Robin Dunbar : The future of social networks

20 : 05 : 2013 Social Networks : Social Media : Facebook

One can never have too many friends. Well, not according to Robin Dunbar, professor of evolutionary psychology at the University of Oxford and an expert in social networks.

His research, The Dunbar Number, suggests that us humans can only sustain a maximum of 150 meaningful relationships at any one time – and the internet, specifically social networks such as Facebook and Twitter, is not helping us to increase this number.

And Dunbar puts straight those of us who naively think we can maintain friendships with an occasional post or tweet. ‘All it does is slow down the rate of decay,’ he says. ‘When you’re physically separated, your relationship will deteriorate, normally at quite a quick rate. Facebook, slow and clunky as it is, will slow that rate down, but if you don’t get together at some point once every so often, there is nothing on earth that will stop that relationship falling off your 150. It might take 10 years, but you’ll end up on the Christmas round-robin list.’

Dunbar’s research into our social connections has also revealed striking differences in the way in which men and women maintain their relationships and how new media accommodates these idiosyncrasies. ‘The technology is much better designed by pure accident to meet the processes that are used naturally in women’s networking,’ he explains, pointing out that two-thirds of Facebook’s regular users are female. ‘These new media kick in very nicely into half of the world’s natural style and probably don’t address the other half quite as well,’ he adds.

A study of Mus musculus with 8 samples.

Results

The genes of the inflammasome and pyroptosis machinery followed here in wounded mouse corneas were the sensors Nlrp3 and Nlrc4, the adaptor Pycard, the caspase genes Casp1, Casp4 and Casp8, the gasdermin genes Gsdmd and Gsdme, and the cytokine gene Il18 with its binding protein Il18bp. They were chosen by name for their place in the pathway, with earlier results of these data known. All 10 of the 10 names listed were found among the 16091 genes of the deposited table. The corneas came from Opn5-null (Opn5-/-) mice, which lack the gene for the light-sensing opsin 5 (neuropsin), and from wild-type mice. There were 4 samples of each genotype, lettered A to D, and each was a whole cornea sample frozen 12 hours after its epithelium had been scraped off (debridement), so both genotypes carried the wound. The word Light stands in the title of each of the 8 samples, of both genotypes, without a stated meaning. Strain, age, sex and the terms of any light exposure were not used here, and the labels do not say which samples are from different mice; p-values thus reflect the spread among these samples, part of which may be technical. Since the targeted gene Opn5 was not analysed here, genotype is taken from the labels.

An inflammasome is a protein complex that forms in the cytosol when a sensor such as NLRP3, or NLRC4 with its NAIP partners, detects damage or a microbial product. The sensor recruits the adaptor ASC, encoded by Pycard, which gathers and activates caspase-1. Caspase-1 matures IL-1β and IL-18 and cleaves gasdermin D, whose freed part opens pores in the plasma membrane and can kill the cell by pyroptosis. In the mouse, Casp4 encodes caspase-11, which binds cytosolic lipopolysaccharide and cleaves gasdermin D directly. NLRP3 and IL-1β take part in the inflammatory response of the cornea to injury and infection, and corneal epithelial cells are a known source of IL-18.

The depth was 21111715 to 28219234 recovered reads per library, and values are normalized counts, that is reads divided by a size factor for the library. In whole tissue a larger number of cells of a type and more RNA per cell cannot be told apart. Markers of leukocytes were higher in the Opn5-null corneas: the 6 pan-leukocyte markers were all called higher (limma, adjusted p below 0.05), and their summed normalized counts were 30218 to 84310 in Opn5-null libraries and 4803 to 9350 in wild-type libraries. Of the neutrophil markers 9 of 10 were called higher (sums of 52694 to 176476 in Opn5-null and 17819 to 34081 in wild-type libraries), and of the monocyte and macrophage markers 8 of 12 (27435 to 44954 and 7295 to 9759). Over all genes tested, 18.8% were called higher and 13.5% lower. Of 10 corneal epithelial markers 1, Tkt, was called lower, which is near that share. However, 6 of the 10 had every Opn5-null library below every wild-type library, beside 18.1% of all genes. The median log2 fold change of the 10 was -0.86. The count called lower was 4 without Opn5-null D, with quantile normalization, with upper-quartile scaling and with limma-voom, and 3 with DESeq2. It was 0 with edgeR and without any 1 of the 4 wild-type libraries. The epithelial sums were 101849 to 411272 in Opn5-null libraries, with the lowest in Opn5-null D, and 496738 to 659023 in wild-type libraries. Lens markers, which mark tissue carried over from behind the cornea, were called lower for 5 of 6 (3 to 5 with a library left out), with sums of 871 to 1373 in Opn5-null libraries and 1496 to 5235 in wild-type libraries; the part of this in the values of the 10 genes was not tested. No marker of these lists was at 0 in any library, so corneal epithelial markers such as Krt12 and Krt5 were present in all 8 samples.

Gender aside, the real challenge for social networks, says Dunbar, is video and solving the non-tactile experience of online. ‘Anyone that sorts out the virtual touch problem will win the next Nobel Peace prize,’ he says.

Top five take-outs

1. Social networks such as Facebook have not had a significant effect on how we structure our social world. ‘The urban myth that there are many people with thousands of friends is not true,’ says Dunbar.

2. A backlash against social networks is unlikely – ‘they’re too useful’.

3. Privacy has been a big tension area for social networks in the past few years and will be more so in the future.

4. Social networks such as Facebook have evolved around the structure of face-to-face interactions and, as such, appeal more strongly to women – men and their clipped conversations are not so interested, says Dunbar.

5. Nothing beats face-to-face communication. Social networks already incorporate video content, and will increasingly need to do so. ‘Face-to-face and Skype are in a completely different league. It seems there is something critical in seeing the whites of people’s eyes.’